My daughter Talia, who is 12, beams at me, a devilish smile spreading across her face. “Don’t worry, Joel,” she tells her 9-year-old brother, “girls are supposed to be skinny.”
Joel’s brow furrows in suspicion, but this bulletin isn’t really directed toward him. Talia pauses. She is awaiting the dismayed response of her parents — the reaction that inevitably follows when the conversation steers down this path. “Boys,” she continues, “are supposed to have muscles.” She is still smiling.
I am appalled. “You don’t actually believe this, do you?”
Yet, it seems that Talia does at least partly subscribe to these beliefs, and what’s worse, this year she’s taken to scrutinizing her perfectly proportioned body and beautiful face with a critical eye. “I wish I didn’t have daddy’s eyebrows,” she complains at dinner one night. “I wish my waist were thinner,” she sighs. Talia seems to have absorbed more than academics in middle school.
Talia has reached the age of bat mitzvah, an age when peers exert a strong influence, and a time of life sometimes correlated with “a precipitous drop in self-esteem” for girls, says Esther Altmann, a psychologist and expert on body image in the Jewish community. “Middle school girls are exquisitely aware of their strengths and weaknesses vis-à-vis their peers and often redirect feelings of social anxiety and competition onto their bodies.”
Altmann suggests that parents help daughters “identify problematic comments from peers about dieting and their bodies as annoying chatter so that girls can distance themselves and not get caught in a worrisome vortex of not being thin enough.”
Talia grew more aware of appearances at her Jewish camp last summer, where a policy prohibiting “body talk” apparently backfired. “I wondered what people would have been saying had they been allowed to speak,” she says. The issue intensified about six months ago, when Talia started praising “thinness” as if it were a divine trait. When I aim to adjust her skewed values, she suggests: “Maybe you should write a column about this.”
Yet when I turn to religious sources for guidance, the effort is not entirely successful. Talia apologizes that she may not be “Jewish enough,” to be moved by the concept that “we are all created in God’s image.” When I offer a rabbi’s suggestion that our bodies are like sanctuaries, each sacred and deserving of respect, Talia says: “Hmmm, that’s weird.”
What about the role model of Vashti, the first queen of the Purim story, who fiercely rejected King Achashverosh’s request to dance before his friends? Talia smiles. I sense mischief. “Vashti, she was pretty, right?” she says.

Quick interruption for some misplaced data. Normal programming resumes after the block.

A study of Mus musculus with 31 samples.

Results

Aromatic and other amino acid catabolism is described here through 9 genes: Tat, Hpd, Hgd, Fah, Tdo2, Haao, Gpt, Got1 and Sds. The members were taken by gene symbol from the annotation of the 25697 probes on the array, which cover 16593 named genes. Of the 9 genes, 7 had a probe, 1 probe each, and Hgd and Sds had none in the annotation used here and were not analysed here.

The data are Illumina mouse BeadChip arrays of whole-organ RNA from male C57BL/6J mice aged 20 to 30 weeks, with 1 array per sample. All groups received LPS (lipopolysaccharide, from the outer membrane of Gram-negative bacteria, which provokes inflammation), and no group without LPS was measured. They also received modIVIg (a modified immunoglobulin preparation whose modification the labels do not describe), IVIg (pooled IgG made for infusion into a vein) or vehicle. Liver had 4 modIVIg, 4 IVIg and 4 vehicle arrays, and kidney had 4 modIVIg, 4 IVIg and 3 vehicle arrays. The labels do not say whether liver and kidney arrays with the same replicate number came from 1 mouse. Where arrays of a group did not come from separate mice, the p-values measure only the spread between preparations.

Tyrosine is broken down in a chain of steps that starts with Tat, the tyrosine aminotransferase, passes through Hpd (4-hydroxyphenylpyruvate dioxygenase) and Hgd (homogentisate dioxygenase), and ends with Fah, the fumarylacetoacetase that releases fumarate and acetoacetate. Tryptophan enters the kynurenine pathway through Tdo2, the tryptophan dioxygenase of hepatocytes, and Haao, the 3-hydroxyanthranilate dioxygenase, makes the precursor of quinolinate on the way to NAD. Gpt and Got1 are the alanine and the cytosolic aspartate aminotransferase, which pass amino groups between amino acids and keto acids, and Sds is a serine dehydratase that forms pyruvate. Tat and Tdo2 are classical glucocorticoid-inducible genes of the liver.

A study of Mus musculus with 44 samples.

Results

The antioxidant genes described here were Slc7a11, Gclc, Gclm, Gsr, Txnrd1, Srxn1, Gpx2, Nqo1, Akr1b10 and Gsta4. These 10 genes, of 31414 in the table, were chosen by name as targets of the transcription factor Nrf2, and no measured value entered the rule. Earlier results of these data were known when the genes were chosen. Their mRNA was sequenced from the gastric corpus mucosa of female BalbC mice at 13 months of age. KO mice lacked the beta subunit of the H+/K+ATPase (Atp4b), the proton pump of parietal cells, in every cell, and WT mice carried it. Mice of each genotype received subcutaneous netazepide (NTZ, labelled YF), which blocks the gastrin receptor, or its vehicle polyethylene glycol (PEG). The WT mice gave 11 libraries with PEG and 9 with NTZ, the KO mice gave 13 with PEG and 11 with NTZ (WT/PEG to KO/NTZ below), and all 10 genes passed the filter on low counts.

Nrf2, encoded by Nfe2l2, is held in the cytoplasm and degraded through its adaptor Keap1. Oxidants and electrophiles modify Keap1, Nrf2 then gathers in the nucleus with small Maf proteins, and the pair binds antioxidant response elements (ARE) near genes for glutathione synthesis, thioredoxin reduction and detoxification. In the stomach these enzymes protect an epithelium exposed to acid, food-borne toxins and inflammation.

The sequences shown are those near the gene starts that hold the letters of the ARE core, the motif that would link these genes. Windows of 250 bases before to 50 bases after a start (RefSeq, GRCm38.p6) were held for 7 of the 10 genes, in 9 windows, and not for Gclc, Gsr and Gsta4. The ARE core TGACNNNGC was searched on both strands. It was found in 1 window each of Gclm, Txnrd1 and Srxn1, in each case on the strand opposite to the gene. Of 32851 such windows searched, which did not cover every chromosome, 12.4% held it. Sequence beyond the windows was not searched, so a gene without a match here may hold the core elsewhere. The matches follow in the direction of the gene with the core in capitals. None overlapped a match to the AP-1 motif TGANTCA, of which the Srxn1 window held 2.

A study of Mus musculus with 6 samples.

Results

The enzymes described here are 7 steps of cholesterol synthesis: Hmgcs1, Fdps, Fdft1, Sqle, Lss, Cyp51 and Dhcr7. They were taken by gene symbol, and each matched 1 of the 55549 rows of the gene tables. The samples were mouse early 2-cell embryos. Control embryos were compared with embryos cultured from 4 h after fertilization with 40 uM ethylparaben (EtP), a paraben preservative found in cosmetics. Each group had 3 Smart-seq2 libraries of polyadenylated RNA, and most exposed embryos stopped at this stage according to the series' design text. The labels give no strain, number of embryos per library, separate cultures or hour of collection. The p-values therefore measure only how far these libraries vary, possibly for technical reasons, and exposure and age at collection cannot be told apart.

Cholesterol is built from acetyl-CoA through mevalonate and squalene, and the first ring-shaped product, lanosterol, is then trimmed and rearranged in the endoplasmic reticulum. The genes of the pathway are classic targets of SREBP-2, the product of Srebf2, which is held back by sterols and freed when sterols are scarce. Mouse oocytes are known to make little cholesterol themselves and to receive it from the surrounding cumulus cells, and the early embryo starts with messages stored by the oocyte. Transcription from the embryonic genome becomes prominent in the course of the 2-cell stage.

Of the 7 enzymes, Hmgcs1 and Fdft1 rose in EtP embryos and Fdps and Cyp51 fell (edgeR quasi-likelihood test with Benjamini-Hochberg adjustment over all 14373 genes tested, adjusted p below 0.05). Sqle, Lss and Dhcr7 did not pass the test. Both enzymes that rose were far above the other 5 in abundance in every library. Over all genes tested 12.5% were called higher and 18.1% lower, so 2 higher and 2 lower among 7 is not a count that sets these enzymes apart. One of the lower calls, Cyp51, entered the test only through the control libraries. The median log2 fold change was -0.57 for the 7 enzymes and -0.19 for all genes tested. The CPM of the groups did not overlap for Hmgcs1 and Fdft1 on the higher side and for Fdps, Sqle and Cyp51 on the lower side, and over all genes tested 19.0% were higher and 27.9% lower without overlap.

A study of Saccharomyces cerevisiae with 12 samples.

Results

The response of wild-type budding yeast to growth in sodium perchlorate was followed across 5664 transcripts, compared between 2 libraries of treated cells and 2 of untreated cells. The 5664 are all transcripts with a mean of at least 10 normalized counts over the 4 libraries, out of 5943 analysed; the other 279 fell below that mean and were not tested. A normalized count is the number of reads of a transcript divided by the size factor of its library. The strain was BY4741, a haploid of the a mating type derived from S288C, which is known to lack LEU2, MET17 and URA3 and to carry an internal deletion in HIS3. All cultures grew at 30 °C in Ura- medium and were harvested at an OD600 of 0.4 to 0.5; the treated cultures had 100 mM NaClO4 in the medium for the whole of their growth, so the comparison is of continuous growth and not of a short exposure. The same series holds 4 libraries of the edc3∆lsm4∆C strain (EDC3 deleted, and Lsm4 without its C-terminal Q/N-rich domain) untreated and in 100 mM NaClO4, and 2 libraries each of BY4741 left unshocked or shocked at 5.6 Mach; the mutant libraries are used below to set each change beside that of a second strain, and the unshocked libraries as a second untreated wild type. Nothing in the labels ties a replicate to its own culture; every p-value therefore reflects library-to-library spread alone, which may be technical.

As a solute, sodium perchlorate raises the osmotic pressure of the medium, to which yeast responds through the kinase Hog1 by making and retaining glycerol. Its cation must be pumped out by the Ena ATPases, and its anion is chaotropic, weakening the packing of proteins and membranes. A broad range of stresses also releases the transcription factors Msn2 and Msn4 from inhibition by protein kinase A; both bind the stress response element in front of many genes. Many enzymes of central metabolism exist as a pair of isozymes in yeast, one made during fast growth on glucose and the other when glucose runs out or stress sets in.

I roll my eyes. “The point is you can learn to say no, Talia. You can learn to say no to ideas about the body that aren’t healthy.”
We have better luck with “Pretty Sexy Sassy,” a new documentary about body image produced this year by the high-school interns at Ma’yan, a program of the Jewish Community Center in Manhattan. Webisodes of the video, available on the organization’s website (mayan.org), flip between disturbing images from the media and interviews with girls. Talia stretches out on my bed, her eyes glued to the screen, her mouth keeping up a steady stream of chatter.
She talks of how she tries to draw women with “skinny waists, wide hips and really long legs. It looks pretty, and most of my friends would agree,” she says. When I beg to differ, she says, “All the models look like that. If you look up how to draw cartoon girls, that’s what you’ll learn.”
“Do you want to look like a cartoon?”
“Yeah, I kind of do.”
She quiets as the documentary continues. “You can’t just turn off the TV. There are ads on the newsstands. There’s no way to escape it,” says one of the teenagers on the screen. Another teen notes grimly, “Watching my friends struggle with eating disorders or depression, it’s so real. And it’s not something they can control.”
The webisodes reveal the magic of digital alteration, and Talia is dutifully impressed with a model’s transformation. She exclaims, “Look how flawless she appears!” Also this: “I’d like to be ‘Photoshopped.’”
As expected, Talia is smiling. I am not. Still, I am hopeful. We’re on high alert to the power of peers and the press. And although my daughter admires the absurdly slender frame of Barbie, she still reads this column, giggling gleefully as she exclaims: “Mirror, mirror on the wall, who’s the fairest of them all? Talia!”
Elicia Brown’s column appears the second week of the month. Email: firstname.lastname@example.org.